He’s played every kind of character, from Pookie to a U.S. president, but Chris Rock hasn’t always delivered a lesson-driven, anecdotal type of humor on the big screen… until now. The comedian, 49, has a new film Top Five (in theaters now) which follows a day in the life of a fictional, newly sober comedic actor struggling to redefine his career after starring in an iconic franchise about a talking bear.
This flick isn’t solely chuckle-worthy. It’s insightful, and just inappropriate enough to be hilarious. Plus, by skewering fame, social media and reality shows, it’s delightfully topical. EBONY talks to the A-lister, who wrote and directed the project, about its origin, Black Hollywood and, of course, his undying mission of keeping his little girls off the pole.
EBONY: How did Top Five come to be?
Chris Rock: I was working on Grown Ups 2 and I just felt like I didn’t have enough to do in the movie, frankly. I wanted to do a film that felt like my stand-up. I realized there hadn’t been a movie about a comedian in a long time. So I sat down and this is what I ended up with.
EBONY: Why did you want to do a project that felt like stand-up?
CR: I’ve done a bunch of movies; some are hits and some are not. In stand-up, I can pretty much be whatever I want and people kind of come with me. I took that approach with the movie. I’m not going to worry about offending anybody. I just want to do something that makes my friends and me laugh, and if it works, great. I’m not trying to get it to the biggest audience per se. I’m just trying to do something really personal.
EBONY: There are tons of stars in this film. How did you get so many people to sign on?
CR: I just called them. I’m a big proponent of bothering people. People pitch me all the time for favors. I’ve done how many movies with Adam Sandler? So he just paid back the favor. And I always wanted to direct Cedric the Entertainer. He just cracks me up. A lot of it is also karma—if you’re nice to people, sometimes, it comes back.
EBONY: Since we’re on the subject of comedy, you received fairly mixed reviews after your monologue on Saturday Night Live late last year. How would you describe your stand-up style?
CR: I just do me. I’m political like the guy at the barbershop. I’m not political like Jon Stewart. But I try to be political so that everybody can get into it. I listen to what other comedians are doing, but I don’t want to sound like any of them.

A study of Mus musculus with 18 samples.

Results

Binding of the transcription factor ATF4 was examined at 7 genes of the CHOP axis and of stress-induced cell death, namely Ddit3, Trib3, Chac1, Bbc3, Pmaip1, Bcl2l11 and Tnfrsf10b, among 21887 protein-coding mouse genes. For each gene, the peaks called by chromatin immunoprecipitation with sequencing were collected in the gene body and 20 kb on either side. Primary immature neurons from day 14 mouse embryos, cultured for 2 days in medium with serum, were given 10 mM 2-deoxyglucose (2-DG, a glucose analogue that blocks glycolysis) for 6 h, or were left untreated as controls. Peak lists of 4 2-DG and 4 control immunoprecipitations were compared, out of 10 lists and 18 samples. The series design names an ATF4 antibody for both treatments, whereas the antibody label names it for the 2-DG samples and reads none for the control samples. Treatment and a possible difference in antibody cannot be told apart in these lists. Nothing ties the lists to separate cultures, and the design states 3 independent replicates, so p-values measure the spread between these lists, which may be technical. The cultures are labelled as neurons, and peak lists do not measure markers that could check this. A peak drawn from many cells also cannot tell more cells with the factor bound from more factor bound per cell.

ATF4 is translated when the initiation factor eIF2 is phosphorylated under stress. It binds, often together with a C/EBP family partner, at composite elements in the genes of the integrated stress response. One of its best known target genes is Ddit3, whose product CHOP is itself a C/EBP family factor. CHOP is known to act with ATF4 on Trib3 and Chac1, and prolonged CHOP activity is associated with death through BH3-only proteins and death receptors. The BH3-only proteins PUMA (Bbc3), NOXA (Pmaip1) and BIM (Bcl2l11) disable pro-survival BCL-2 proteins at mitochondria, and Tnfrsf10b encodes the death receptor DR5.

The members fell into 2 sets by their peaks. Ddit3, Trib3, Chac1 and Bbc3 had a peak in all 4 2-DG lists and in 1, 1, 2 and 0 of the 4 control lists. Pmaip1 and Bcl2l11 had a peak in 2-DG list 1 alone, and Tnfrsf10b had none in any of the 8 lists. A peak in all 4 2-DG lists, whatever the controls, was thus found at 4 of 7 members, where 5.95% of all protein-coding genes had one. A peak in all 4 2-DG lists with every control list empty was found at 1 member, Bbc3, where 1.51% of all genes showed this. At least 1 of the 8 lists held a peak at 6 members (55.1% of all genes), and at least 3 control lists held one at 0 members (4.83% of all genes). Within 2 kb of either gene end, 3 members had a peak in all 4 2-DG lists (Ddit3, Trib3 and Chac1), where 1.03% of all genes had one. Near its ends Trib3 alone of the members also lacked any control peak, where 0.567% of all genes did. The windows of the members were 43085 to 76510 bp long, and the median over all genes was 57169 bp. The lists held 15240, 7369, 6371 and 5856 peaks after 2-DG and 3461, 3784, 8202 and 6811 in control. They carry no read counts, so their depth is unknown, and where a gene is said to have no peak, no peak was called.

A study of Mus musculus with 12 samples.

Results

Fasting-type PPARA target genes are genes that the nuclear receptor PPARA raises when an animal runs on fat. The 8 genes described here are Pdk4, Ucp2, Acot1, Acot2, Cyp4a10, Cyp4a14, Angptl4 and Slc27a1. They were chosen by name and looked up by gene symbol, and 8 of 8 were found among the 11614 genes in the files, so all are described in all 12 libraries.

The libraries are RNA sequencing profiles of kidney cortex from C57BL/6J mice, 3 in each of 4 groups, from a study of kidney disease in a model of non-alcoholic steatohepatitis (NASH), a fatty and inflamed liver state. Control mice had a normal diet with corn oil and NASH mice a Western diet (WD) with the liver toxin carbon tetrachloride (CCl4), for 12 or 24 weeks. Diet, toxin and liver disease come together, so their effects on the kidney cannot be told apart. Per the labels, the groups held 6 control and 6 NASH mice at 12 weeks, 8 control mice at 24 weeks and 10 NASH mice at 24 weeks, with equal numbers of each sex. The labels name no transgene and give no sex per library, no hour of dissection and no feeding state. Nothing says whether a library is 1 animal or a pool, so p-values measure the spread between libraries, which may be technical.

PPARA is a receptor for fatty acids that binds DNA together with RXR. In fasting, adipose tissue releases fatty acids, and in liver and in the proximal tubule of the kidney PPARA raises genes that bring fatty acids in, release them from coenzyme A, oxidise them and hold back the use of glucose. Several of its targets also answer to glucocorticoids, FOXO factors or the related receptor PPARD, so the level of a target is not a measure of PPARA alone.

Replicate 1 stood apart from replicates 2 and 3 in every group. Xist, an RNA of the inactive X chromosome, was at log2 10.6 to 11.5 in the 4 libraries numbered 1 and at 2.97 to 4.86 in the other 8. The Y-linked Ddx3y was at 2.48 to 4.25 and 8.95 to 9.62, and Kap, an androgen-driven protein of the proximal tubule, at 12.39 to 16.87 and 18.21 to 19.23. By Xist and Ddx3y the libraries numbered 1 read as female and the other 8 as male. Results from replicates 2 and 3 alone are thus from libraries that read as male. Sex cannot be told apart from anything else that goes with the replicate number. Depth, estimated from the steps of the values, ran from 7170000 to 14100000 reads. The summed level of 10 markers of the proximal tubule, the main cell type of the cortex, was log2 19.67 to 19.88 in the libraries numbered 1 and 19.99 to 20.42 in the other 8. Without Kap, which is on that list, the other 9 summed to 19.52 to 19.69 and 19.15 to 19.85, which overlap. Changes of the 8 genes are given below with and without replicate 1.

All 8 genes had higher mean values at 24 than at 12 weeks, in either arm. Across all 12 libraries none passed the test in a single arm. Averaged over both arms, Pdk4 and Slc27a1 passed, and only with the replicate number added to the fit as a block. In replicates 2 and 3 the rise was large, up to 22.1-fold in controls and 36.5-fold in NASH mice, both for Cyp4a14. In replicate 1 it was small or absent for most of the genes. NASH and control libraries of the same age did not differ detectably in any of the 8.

EBONY: Is finding and creating work still hard at this phase of your career?
CR: It’s stressful. I’m not stressing financially but once you’re poor, you’re always poor in a sense. Once you’ve lived it, it’s kind of always in the back of your mind because you know what it is. You don’t forget sharing a meal. It’s hard enough staying in show business for three years; I’m almost at 30 years at this point. It’s easier to get on, the hard part is to maintain. Nobody stays famous forever.
EBONY: What’s next for you?
CR: Right now, I’m writing another movie. I’m always looking for the next thing. Maybe I’ll do some stand-up if something works out with my kids’ schedule.
EBONY: In addition to working with established talent, you also get to connect with rising stars. Most recently, in 2012 you introduced the world to W. Kamau Bell by producing his provocative FX show, Totally Biased with W. Kamau Bell. Who else do you think has a voice that needs to be heard?
CR: Well, I’ve got to say my brother Tony Rock, or else my mother would punch me. I also like Hannibal Buress. Jerrod Carmichael is really funny, and then there are some cats that never get their due. I think Donald D. C. Curry and Tommy Davidson are hysterical. And Leslie Jones is getting ready to set the world on fire.
EBONY: Are you helping any of these folks?
CR: I hate to say “helping,” because it almost implies that they’re not as good as they are. But I make it a point to be supportive. For example, when Saturday Night Live was going through that whole “looking for a Black woman thing,” I gave them Leslie Jones’s name and said, “If you’re looking for funny, you’re going to like her.”
EBONY: Let’s talk about Hollywood in general. In an episode of Real Husbands of Hollywood, you joke about being Black famous vs. having mainstream fame. Where does your power lie?
CR: I don’t see myself as powerful; I see myself as an artist trying to create and bring something to people every year that they can trust. Hopefully, after people see the trailer for Top Five, they will trust me. If you liked The Chris Rock Show and Everybody Hates Chris, you’ll say, “OK, Chris is doing his thing. Let’s check out what he’s done now.”
EBONY: You once said it’s your job as a dad to keep your little girls off the stripper pole. They are tweens now (Lola, 12 and Zahra, 10). What are you trying to instill in them to make sure they have healthy self-esteem?
CR: My kids have very healthy self-esteem. I’m actually trying to instill some humility in them. I’m still a nerd in their eyes. My jokes aren’t funny to them. One of my daughters told me the other day, “Kevin Hart is funnier than you, Daddy.” I told her, “Does Kevin Hart make you pancakes?”